As an automotive enthusiast, you may have come across the need to use different types of oils in various vehicle components.
These oils have different viscosities, and you may wonder if it is safe to substitute one for the other. but shorter answer is Yes, you can use PAG 100 Instead of PAG 46, but you should take precautions & take it serious.
In this article, we will explore the differences between PAG 46 and PAG 100 and whether it is okay to use PAG 100 instead of PAG 46.
What is PAG oil?
Polyalkylene glycol (PAG) oil is a synthetic lubricant used in air conditioning systems, especially R134a refrigerant.
PAG oil is hygroscopic, meaning it absorbs moisture, which can cause issues if it reaches a certain threshold.
It is most important to keep the PAG oil containers tightly sealed to prevent moisture from getting in.
What is PAG 46 oil?
PAG 46 oil is a type of PAG oil that has a viscosity of 46 centistokes (cSt) at 40 degrees Celsius.
PAG 46 Oil is the most commonly used PAG oil in automotive air conditioning systems that use R134a refrigerant.
PAG 46 Oil is compatible with most automotive A/C systems and is an excellent choice for vehicles from the factory with PAG 46 oil.
What is PAG 100 oil?
PAG 100 oil is a type of PAG oil that has a viscosity of 100 cSt at 40 degrees Celsius.
PAG 100 Oil a thicker oil than PAG 46 and is used in some air conditioning systems, such as heavy-duty trucks or commercial vehicles.
It is less hygroscopic than PAG 46 oil, which can absorb less moisture.
Differences between PAG 46 and PAG 100 oil
The primary difference between PAG 46 and PAG 100 oil is their viscosity.
PAG 46 has a lower viscosity than PAG 100, making it more suitable for automotive air conditioning systems.
PAG 100 oil is thicker and is typically used in larger, more heavy-duty systems. PAG 46 oil is more hygroscopic than PAG 100 oil, which can absorb more moisture.
|PAG 46 Oil
|PAG 100 Oil
|Suitable for smaller systems
|Suitable for larger systems
|Good at low temperatures
|Good at high temperatures
|Compatible with R134a refrigerant
|Compatible with R134a and R1234yf refrigerants
|Mixes well with PAG 100 oil
|Mixes well with PAG 46 oil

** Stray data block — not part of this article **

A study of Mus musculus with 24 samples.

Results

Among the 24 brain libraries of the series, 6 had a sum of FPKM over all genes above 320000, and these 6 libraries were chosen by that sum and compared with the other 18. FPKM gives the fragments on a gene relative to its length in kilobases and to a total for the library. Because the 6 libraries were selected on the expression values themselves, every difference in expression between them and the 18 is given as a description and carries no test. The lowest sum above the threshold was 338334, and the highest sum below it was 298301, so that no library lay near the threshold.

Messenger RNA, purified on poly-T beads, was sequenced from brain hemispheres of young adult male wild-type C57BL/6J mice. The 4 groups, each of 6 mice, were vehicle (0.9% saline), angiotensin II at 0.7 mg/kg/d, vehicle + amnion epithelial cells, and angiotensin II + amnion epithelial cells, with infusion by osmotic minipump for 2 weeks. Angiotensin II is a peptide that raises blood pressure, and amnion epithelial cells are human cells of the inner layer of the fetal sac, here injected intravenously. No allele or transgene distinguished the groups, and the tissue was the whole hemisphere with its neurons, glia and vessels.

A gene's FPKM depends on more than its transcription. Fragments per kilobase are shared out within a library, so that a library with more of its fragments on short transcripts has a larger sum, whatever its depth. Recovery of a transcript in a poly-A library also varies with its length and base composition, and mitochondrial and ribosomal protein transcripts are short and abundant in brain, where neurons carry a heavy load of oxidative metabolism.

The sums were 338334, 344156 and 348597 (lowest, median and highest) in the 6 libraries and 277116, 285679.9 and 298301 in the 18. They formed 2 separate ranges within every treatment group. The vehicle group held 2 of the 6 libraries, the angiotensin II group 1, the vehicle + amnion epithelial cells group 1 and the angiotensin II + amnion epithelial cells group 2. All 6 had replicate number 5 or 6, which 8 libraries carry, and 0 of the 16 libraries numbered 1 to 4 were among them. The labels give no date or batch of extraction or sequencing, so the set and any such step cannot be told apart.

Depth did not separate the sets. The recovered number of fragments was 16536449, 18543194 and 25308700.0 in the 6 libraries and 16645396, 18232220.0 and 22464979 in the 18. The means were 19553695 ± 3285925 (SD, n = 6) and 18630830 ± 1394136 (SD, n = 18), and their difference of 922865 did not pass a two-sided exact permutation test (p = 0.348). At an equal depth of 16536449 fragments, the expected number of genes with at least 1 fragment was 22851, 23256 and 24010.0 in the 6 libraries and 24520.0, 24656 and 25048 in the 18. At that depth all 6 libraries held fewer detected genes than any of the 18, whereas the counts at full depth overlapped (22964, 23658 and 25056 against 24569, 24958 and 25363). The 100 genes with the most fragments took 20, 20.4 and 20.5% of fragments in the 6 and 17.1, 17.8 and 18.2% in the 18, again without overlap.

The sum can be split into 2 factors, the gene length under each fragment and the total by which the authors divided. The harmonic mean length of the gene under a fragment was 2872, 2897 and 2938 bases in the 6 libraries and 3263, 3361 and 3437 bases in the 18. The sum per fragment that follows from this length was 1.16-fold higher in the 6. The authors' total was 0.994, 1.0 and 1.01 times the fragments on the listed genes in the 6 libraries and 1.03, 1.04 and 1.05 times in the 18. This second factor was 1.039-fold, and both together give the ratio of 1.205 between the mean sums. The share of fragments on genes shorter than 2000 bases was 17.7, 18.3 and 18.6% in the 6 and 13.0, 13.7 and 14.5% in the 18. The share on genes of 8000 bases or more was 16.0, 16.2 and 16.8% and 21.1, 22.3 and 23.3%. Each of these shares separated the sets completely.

Can you use PAG 100 instead of PAG 46?
Yes, You can use PAG 100 instead of PAG 46 if necessary, but you must take precautions.
Since PAG 100 oil is thicker than PAG 46, you may need to adjust the amount of oil used in your system to compensate for the difference.
It’s best to consult the manufacturer’s specifications or the service manual for your vehicle to determine the proper amount of oil.
Since PAG 100 oil is thicker than PAG 46, it may not flow as easily through the system, which can cause problems with lubrication and cooling.
Using PAG 100 oil instead of PAG 46 in a system that requires PAG 46 can also cause issues with hygroscopicity.
PAG 100 oil is less hygroscopic than PAG 46, so it may not absorb as much moisture. Moisture can cause problems with corrosion and other damage to the system, so it’s essential to use the correct type of oil to prevent these issues.
In conclusion, PAG 46 and PAG 100 oils are commonly used in air conditioning systems.
While they have some differences, they are generally interchangeable in most scenarios.
If you need to use PAG 100 instead of PAG 46, it’s crucial to consult the manufacturer’s specifications and adjust the amount of oil used accordingly.
Is PAG 100 oil better than PAG 46 oil?
PAG 100 oil is thicker than PAG 46 and is used in larger, more heavy-duty air conditioning systems. However, both oils are suitable for use in most scenarios.
Can you mix PAG 46 and PAG 100 oil?
Mixing PAG 46 and PAG 100 oil is generally not recommended, as it can cause issues with viscosity and lubrication.
How do I know which PAG oil to use in my air conditioning system?
You can consult the manufacturer’s specifications or the service manual for your vehicle to determine the proper type of PAG oil to use.